Shanghai - Yesterday
Remarks about the photo exposition Adolf Krayer, shown during
the opening of the new Consulate General in Shanghai on June 13th,
By pure coincidence
the Consulate General learnt of a photo album in the hands of
Mrs Reinau-Krayer in Basel, composed of pictures of Shanghai,
which her great grandfather had taken during his stay in the city
from 1860 to 1868. Fortunately enough he had also kept a detailed
diary of his years in the harbour city, published in 1995 under
the title "Als der Osten noch fern war" ("When
the East was Still Far Away": ISBN 3-908122-64-3, Schweiz.
Gesellschaft für Volkskunde, Basel 1995).
Jakob Adolf Krayer-Foerster, born in Basel in 1834, was probably
the first Swiss to have lived for a longer time in Shanghai in
the middle of the 19th century. Adolf Krayer came from a well-respected
family of artisans in the city of Basel. Very early on he started
to travel as a merchant, passing through Lyon, Marseille, St.
Etienne and London. Working in the silk business he was offered
an assignment to China by the English firm Bowes Hanbury and Co.
He took the chance and left for the Middle Kingdom in 1860. Leaving
Southampton on 20th February 1860 he arrived in Shanghae (Krayer
consistently uses the local pronunciation of Shanghai in his diary)
after 58 days of travelling on 19th April. After four years in
Shanghai he went back to London, soon leaving again for Shanghai
with another four year contract in his pocket. In October 1868
he left Shanghai definitely, passing through Nagasaki and Yokohama,
then going to San Francisco and crossing the North American continent
during winter time, spending New Year's Eve in Sacramento, then
passing Salt Lake City and Chicago and arriving in New York on
27th January 1869. He left the US in New Orleans, passing through
Havanna and reaching Plymouth on 28th March 1869.
The bulk of the 120 photographs consists of pictures about Shanghai
and the surrounding landscapes and cities in the lower Yangtse
region. But his travel back to Switzerland is documented by several
fascinating photos as well. To be mentioned in particular is a
set of three photographs composing a panoramic view of Salt Lake
city and a similar set showing the Havanna Harbour.
Krayer's photos are interesting because they belong to the earliest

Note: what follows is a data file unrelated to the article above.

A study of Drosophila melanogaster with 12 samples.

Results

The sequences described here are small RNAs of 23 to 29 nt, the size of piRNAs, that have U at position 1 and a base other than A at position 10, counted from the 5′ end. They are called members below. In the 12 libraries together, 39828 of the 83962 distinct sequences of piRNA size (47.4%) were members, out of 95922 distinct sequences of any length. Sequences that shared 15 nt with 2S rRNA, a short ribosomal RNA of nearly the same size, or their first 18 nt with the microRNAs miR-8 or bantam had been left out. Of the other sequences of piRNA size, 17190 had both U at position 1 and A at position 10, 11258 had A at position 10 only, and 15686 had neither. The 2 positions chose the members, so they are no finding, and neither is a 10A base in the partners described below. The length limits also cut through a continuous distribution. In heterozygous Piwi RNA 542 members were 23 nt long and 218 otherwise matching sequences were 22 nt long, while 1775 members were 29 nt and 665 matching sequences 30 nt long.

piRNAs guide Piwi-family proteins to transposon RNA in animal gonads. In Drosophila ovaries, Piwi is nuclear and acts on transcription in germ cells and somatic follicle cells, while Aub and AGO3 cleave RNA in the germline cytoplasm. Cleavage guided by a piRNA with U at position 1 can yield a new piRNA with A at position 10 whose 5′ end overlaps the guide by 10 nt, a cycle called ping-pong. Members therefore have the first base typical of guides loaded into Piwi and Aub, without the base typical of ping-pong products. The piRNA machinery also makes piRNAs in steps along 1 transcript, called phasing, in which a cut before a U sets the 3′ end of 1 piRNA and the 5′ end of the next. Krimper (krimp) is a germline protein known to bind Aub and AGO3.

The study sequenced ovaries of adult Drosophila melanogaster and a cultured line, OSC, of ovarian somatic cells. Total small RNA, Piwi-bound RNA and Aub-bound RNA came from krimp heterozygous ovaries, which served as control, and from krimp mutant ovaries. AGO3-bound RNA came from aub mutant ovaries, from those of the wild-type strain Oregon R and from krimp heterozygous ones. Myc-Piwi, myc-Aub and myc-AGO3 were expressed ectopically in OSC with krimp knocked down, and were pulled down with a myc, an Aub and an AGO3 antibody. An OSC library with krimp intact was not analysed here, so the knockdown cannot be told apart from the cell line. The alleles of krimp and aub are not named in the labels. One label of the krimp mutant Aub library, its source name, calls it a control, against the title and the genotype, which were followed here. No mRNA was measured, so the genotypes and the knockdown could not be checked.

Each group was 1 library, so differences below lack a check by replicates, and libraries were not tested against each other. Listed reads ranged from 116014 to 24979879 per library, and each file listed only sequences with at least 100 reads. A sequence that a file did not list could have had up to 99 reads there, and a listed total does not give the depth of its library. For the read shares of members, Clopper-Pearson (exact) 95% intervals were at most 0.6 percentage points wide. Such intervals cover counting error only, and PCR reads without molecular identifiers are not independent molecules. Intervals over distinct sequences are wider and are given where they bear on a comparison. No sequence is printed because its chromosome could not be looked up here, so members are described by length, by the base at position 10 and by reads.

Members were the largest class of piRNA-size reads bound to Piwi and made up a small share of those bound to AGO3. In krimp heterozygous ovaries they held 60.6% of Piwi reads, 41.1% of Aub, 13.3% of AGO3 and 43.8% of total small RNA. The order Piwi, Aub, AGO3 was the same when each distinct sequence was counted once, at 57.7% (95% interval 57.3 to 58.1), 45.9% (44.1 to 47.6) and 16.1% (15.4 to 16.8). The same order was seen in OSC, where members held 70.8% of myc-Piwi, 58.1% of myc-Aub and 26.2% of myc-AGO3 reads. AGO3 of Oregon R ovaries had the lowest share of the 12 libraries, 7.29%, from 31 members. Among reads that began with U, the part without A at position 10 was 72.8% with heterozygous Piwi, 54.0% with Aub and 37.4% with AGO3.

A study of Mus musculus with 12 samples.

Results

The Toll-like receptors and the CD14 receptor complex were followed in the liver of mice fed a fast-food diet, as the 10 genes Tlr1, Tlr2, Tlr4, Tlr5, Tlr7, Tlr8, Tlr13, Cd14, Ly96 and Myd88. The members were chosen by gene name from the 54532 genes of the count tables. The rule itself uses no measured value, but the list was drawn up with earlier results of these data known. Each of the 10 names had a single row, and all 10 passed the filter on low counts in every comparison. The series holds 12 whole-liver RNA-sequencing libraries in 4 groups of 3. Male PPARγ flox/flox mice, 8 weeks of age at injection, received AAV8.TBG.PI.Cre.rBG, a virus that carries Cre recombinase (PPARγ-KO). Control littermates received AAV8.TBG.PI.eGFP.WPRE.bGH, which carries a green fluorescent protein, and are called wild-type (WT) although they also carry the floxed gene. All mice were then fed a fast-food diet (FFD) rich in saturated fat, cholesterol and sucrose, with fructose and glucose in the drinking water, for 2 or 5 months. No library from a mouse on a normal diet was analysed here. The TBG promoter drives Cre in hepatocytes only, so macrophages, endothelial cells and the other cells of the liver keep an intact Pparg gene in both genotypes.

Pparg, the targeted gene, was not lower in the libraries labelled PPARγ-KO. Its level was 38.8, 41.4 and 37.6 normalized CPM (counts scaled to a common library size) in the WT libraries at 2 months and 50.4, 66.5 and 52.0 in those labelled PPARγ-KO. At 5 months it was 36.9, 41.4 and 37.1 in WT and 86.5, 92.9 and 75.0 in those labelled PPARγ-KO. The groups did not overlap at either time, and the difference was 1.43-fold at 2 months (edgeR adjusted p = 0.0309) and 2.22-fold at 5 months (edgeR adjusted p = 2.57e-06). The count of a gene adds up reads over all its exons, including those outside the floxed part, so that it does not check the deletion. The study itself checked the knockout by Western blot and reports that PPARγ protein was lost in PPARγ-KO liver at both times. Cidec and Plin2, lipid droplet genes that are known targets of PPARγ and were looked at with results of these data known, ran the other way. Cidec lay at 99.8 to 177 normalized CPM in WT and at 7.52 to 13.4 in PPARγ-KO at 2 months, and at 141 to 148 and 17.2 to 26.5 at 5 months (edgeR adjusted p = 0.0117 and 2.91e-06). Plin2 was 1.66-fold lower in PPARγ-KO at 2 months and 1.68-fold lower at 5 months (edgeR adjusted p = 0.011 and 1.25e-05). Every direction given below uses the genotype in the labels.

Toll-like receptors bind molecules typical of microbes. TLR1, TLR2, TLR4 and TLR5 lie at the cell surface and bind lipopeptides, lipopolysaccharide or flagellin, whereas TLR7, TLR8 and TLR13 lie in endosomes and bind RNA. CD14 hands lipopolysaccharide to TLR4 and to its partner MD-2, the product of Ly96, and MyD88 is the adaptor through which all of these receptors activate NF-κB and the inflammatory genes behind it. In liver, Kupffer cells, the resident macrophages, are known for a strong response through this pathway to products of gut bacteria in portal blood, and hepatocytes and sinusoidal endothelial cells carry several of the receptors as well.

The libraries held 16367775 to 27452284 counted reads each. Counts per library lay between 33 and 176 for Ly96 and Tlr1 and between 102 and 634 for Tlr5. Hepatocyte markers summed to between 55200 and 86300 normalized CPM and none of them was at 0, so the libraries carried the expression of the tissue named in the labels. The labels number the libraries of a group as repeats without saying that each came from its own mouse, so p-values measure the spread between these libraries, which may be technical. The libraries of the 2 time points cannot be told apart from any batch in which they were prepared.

documents on Shanghai and show a city where foreign influence
had only taken hold some twenty years earlier. The photos show
a Bund with very few Western-style mansions,
nothing to be compared to the grandiose scenery presented by Shanghai
in 1925 - not to speak of the actual development of the city on
the Huangpu river.
The pictures are interesting historical documents because they
show not only temples and pagodas still extent today but very
often document sites which do no longer exist. Among them is e.g.
an outstanding Chinese tea house in Wuxi. Another photo vividly
catches the destruction of a temple interior after the Taiping
Rebels had sacked the place some years earlier.
Very interesting are some pictures of Amoy or Fuzhou Harbour
in the middle of the 19th century.
Many photos of the surroundings of Shanghai document times and
moments foregone. The Consulate General thought that the opening
of the new consulate in 319 Xian Xia Lu was an excellent opportunity
to document Swiss presence in Shanghai in earlier times and includes
some of the most impressive photos in the annex below.
To give the reader a real impression of the developments of Shanghai
we shall join a few modern photos as well, together with a view
of Shanghai seen by artist Pu Jie.
Pu Jie was one of the modern artists presented to a Swiss public
when the premises of the old Consulate were vacated and could
be used for a representative art exposition of modern Chinese
works, in a very satisfying co-operation with the ShangArt Gallery,
headed by the well-known Swiss galerist Lorenz Helbling.